Ian McEwan is one of my favourite authors. He has the ability to take you into a scenario that he has illustrated and keep you rapt until the last page. He does follow a formula, however: one that he has perfected in the years that he has been writing. He is as descriptive as any writer--you will never feel as thoigh you missed something. In fact, you feel as though you are standing alongside the protagonist. You root for them and think everything is going their way. And then something happens. Like the Kaiser Sose moment in The Usual Suspects but not necessarily as extreme. As a faithful reader, you wait for this inevitable twist and wonder how he is going to close out his story and tie everything together into a neat little package shortly thereafter.
The Children Act is not unlike McEwan's other books. In fact, fans of the writer need not be told who penned the book: after the first few pages of highly intelligent storytelling, it is evident that it is, in fact, a McEwan. This story follows judge Fiona Maye through her days acting as a moral compass in family court and her evenings at home where her marriage is falling apart. If she did not have enough on her plate as it was, she was also a talented pianist and performed with a colleague of hers regularly.
McEwan is a liberal and lends his viewpoints to Maye. She rules over controversial cases: most notably the splitting of conjoined twins to save one's life and end the other's and the case that comes to the forefront of the novel.
Adam Henry is a Jehovah's Witness approaching his 18th birthday. He has leukemia that can be treated but only after a blood transfusion--which is prohibited in his religion. As a minor, the choice to refuse the transfusion lies in the hands of his parents who decide that if it is God's will to take their son, so be it. The hospital, knowing very well that the boy's life will be saved with the transfusion, does not accept the decision and brings the matter into Fiona Maye's court.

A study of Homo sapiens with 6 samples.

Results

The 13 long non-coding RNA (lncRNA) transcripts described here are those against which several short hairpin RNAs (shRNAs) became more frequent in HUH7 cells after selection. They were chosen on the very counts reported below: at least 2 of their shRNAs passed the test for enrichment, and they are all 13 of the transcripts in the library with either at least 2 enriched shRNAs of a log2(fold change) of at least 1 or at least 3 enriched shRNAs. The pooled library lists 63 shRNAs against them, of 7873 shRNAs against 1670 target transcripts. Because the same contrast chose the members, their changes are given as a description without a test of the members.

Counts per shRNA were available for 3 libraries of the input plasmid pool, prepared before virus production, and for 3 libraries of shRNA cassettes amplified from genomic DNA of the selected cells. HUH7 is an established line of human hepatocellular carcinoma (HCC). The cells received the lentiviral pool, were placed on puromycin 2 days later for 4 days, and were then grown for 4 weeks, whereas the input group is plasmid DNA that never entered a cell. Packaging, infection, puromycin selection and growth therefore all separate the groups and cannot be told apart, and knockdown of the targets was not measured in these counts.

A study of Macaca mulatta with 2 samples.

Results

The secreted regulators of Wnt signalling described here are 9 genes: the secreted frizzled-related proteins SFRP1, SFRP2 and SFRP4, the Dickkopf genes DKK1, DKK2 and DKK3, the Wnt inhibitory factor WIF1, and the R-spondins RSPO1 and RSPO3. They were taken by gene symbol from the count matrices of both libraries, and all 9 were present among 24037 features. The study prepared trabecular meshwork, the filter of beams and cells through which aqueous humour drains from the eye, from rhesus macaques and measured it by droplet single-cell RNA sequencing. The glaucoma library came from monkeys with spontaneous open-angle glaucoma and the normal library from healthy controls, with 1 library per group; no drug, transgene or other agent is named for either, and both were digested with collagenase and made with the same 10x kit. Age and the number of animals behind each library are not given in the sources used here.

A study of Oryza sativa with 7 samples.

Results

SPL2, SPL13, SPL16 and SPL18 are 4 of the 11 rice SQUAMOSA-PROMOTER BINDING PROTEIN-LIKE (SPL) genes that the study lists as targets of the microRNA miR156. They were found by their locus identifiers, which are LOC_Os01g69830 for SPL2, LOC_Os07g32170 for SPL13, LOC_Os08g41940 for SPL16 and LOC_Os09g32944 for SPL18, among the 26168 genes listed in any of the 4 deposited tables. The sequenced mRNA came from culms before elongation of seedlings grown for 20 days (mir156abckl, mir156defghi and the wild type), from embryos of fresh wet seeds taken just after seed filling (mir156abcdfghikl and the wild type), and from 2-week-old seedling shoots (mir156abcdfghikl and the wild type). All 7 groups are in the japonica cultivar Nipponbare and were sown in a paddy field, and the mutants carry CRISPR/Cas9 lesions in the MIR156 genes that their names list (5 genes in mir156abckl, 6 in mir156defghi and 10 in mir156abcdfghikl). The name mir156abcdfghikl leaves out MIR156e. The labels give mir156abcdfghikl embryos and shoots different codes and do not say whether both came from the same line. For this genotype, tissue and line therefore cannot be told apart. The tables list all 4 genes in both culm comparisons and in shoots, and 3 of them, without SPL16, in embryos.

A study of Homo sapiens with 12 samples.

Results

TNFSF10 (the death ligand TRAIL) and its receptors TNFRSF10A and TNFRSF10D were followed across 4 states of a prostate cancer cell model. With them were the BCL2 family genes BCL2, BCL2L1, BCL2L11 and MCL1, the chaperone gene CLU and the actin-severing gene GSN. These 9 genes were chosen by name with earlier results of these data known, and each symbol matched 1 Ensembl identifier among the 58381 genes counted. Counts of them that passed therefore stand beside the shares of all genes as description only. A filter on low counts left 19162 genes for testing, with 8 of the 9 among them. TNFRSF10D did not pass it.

After hearing both sides of the story from the doctors and Adam's parents, Fiona will only make her decision after hearing from the boy himself.
Adam is very much aware of the choice that was made for him and does not second-guess it. He is mature and intelligent but his faith carries the most weight in his life, perhaps because he has never known anything else. Maye's admiration of Adam adds to the difficulty of her decision: although she went in thinking that she would rule in favour of the transfusion, it's hard for her to force her opinion against the religious views of this very rational kid who is nearing the age of consent.
I'm not down with spoilers so that's all you're getting from me. There is a twist, obviously. It isn't the best one McEwan has given us, but it is certainly worth reading, preachiness aside.
I liked it but if you want the goods, you should definitely check out Enduring Love, Atonement or Amsterdam. Actually, read all of them--you won't be disappointed. Unless you are expecting Kaiser Sose which, after some consideration, may not be the best example of McEwan's twists.